Irish-American Fashion: Policewoman Bold

Mary Sullivan: First female homicide detective, fashion leader.

Mary Sullivan, pictured above, wasn’t an immigrant, but she was the daughter of immigrants from Killarney, and she possesses such a bold look — befitting her bold story — that she’s the perfect model for the installment.

Firstly, her story: She wrote of it in a book called “My Double Life,” published in 1938 and available from the Internet Archive as a sort of online library book. In brief, she came from a family of policemen (three of her brothers were cops, her uncle ran a squad of detectives, she had a cousin in Scotland Yard). Beside that, Mary had a childhood tragedy: She had a brother disappear when she was a girl, and spent years going to spiritualist mediums for answers, who all gave different answers.

As an adult, Mary was widowed young and went to work in a department store to support herself and her young child. There, she became friendly with a store detective whose sister was a female policewoman. The sister informed Mary of a civil service test coming up, Mary took it, and, in 1991, joined the police force. For a while, Mary worked as a jail matron, and she demonstrated a skill at interrogating suspects, and this led to her transference to the Detective’s Bureau, at first temporarily but eventually as a member of the Homicide Squad.

So let’s talk about her blunt, bold policewoman ensemble. There are only for elements we are given here, but each is marvelous. First, there is her blouse, which in likely blue, with slightly puffed shoulders and possibly pearl buttons.

It’s old-fashioned, but in the world of fashion, what is old is new again. The Ladies Emporium sells a blue ladies essential work shirt for $49.95 that would fit the bill very nicely, I think. It has a ruffled front, and you would need to swap out the buttons for pear, but otherwise it’s a near-perfect match. Especially nice is the fact that it is collarless, as we shall be adding a collar.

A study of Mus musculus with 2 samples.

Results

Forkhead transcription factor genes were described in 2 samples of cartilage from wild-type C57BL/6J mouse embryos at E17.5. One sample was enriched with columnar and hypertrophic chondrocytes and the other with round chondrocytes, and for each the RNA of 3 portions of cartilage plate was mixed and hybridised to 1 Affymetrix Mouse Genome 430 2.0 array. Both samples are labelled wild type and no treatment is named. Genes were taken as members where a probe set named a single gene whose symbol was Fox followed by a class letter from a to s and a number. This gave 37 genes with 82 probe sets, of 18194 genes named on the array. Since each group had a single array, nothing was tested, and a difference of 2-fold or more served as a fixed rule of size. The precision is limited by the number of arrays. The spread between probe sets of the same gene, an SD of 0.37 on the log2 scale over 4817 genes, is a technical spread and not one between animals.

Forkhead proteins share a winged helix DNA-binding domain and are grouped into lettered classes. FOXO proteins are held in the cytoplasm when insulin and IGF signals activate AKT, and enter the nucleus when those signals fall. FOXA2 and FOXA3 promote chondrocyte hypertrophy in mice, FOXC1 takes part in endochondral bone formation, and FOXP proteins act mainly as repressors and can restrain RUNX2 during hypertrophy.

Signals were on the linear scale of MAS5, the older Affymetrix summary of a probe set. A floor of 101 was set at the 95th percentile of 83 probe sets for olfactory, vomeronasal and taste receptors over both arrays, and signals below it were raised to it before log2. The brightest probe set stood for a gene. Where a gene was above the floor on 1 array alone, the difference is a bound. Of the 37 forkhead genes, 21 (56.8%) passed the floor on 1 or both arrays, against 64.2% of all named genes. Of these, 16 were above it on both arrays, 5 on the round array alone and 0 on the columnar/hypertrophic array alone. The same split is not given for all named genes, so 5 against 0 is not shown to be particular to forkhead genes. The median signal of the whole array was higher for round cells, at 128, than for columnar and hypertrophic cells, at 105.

This short means business.

We are going to add a collar, and the same store’s men’s department gives us the high white collar we are looking for, a steal at just $7.95.

You’re going to nee starch for this.

But what makes this combination truly noteworthy are its two accessories. Firstly, there is a Victorian cameo at the throat. Mary’s seems to have a person’s portrait on her’s, but we’re going to go with a shamrock cameo pin from Etsy, selling for 12.99.

You need good luck when you’re walking the beat.

And finally, there is Officer Sullivan’s badge. It’s possible to get historic police badges, but we’re creating fashion here, not historical reenactment. This is the place to get creative with any sort of pin or basge you feel is appropriate. Me? I like the Irish Setter Dog pin available from Chloe’s Vintage Jewelry for just $28.00. Nothing says dogged Irish determination like an actual dog!

Woof!

Noe go out there and do some good!


Max Sparber is a playwright, journalist, and history detective in Omaha, Nebraska.